It's not always easy to be an SSX fan. After releasing four back-to-back games on the PlayStation 2, Electronic Arts opted to put the successful franchise on hiatus for close to seven years. Along the way we've been subjected to a disappointing Wii game, tons of delays and an E3 trailer that made the reboot look like a Call of Duty game. After so much drama and speculation, it's a relief to say that this long-overdue SSX sequel does the franchise proud.
SSX doesn't pretend to reinvent the wheel; this is still a fast-paced snowboarding game in which players race and trick their way to gold medals. The annoying announcer suggests that it's a combination of snowboarding and motocross, which probably sounded more elegant on paper. I say SSX is more like Burnout meets Tony Hawk's Pro Skater. It's a lot like speeding 150 miles per hours down a treacherous mountain full of rocks and leaps of faith. Actually, it's exactly like that.
This new SSX is brought to you by the team behind the Skate series. Despite not being very good at them, I'm generally a fan of the series. You can see the Skate influence in the default control scheme, which has players using the right analog stick to pull off jumps, tricks and more. Thankfully players can opt for the decidedly easier button configuration. This ends up feeling a lot more like classic SSX games, though it's not a carbon copy of On Tour or other PlayStation 2 era releases.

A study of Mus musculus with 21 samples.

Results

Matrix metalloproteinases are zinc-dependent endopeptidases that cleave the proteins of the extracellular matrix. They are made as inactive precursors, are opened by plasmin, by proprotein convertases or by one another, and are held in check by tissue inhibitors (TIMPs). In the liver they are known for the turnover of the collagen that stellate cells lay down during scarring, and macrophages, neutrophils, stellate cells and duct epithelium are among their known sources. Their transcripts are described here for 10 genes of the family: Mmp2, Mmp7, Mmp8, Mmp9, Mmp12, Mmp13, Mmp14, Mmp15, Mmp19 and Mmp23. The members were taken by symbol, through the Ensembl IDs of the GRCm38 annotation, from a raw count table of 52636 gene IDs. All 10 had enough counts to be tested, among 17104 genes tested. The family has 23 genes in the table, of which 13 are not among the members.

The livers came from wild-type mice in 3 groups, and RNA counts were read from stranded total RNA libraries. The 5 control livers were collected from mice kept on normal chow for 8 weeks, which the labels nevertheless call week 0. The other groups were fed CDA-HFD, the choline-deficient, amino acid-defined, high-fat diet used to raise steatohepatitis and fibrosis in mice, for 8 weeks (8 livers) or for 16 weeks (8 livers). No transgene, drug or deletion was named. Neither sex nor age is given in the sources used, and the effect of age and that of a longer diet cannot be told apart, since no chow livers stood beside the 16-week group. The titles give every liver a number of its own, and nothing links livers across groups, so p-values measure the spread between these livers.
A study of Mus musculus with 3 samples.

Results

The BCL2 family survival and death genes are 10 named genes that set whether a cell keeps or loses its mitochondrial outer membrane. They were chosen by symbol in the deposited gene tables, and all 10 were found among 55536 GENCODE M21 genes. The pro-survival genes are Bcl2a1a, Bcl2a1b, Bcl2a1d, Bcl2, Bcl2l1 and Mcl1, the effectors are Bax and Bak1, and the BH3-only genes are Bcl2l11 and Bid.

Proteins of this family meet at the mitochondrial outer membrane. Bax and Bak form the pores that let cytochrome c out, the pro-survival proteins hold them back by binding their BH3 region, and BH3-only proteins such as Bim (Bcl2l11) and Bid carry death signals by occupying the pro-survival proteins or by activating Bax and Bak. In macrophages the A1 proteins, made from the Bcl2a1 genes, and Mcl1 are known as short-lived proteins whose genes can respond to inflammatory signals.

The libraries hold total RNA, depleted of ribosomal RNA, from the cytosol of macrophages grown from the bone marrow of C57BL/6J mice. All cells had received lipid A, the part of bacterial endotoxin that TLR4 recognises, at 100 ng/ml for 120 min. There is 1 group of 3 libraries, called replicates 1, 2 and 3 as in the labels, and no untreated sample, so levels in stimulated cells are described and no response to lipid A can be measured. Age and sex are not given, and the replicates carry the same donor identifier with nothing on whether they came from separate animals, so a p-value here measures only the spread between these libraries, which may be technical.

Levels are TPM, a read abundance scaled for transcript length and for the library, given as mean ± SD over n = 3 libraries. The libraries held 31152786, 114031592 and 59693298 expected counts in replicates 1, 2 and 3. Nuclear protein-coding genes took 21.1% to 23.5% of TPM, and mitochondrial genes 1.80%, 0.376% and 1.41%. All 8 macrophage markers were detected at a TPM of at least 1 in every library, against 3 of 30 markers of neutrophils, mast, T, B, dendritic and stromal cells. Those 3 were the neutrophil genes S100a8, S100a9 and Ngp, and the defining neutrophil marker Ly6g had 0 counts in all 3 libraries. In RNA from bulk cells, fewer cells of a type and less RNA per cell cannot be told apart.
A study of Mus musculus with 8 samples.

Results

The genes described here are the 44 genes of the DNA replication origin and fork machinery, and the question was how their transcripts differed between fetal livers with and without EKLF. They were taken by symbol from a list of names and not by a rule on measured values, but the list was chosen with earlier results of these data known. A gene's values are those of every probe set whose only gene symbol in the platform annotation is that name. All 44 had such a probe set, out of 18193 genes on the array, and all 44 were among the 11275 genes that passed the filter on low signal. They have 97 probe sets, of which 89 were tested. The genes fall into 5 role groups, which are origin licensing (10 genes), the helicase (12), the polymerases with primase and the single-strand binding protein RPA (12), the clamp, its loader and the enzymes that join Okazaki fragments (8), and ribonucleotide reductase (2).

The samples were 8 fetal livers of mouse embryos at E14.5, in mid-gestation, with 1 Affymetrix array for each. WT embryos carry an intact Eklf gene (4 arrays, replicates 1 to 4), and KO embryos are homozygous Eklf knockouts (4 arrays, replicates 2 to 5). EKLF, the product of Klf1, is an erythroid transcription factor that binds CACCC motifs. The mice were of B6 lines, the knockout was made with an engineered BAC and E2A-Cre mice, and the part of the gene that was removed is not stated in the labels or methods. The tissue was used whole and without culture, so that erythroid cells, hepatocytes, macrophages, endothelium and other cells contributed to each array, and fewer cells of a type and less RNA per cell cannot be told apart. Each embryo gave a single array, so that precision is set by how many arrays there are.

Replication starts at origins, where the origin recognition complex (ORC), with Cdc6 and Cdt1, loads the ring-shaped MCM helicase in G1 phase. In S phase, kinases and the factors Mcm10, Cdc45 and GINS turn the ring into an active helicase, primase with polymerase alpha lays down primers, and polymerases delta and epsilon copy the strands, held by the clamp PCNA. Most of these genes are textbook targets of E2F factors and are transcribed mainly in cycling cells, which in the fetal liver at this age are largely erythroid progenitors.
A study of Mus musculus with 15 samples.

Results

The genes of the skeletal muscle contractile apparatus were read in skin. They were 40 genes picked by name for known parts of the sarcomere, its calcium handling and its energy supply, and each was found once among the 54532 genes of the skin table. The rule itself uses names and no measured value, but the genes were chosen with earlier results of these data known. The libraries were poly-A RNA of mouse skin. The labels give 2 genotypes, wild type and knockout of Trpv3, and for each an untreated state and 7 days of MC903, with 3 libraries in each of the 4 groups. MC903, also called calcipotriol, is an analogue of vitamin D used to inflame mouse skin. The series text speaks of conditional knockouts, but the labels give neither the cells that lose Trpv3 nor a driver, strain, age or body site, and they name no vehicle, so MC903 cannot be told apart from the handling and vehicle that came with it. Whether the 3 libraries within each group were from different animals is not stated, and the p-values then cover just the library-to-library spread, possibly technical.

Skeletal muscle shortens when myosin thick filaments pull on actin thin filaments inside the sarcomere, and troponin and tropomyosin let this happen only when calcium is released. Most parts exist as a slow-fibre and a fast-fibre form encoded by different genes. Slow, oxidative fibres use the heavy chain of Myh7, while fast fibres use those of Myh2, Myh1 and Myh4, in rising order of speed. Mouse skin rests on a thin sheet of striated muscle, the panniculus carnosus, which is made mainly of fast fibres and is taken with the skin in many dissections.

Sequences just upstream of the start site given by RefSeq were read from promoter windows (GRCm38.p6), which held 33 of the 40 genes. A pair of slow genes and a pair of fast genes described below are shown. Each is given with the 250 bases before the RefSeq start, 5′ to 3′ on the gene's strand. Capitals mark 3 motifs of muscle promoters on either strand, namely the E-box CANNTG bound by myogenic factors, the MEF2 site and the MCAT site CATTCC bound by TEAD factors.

The trick system isn't overly complicated, which is perfect when you're barreling down a hill at breakneck speeds. There are three different move types, each of which can be modified by holding the right trigger. As you spin, grab and grind tricks out, you'll earn multipliers and a boost meter that will let you create bigger and better signature moves. You can also use the boost meter to increase your speed, something that is invaluable during races. There's a nice give-and-take that forces players to do tricks to keep their speeds high.
The game's impressive 153 drops include some of the most recognizable mountains in the world. Get ready to trick off of Mount Everest, Kilimanjaro and dozens of other popular peaks from around the world. SSX uses a satellite mapping technology that allows the developers to create incredibly realistic paths that reflect the look of the real place. Thankfully they have added crazy jumps, tons of grind opportunities and everything else that makes this kind of video game fun.
What has always set SSX apart from the crowd is its use of non-linear level designs. Although you are always headed in the same direction (down), there are countless ways of getting there. Sometimes it's as simple as taking a diverging path, while other times you'll find a hidden passageway in a cave or take a jump over the competition. There is an impressive amount of depth to each one of these drops, offering enough incentive to replay them over and over again.
There's no reason to be worried about SSX. After a seven year hiatus, Electronic Arts has decided to retool their best extreme sports franchise. The result is a fast-paced action experience that offers an impressive collection of real life mountains to conquer. The only thing missing is a real multiplayer mode.
This product was submitted by the publisher for review. As a rule, Defunct Games does not review games we spent money on. However, that does not always apply to classic/retro games. This specific product, however, came straight from a PR guy for the purposes of being reviewed!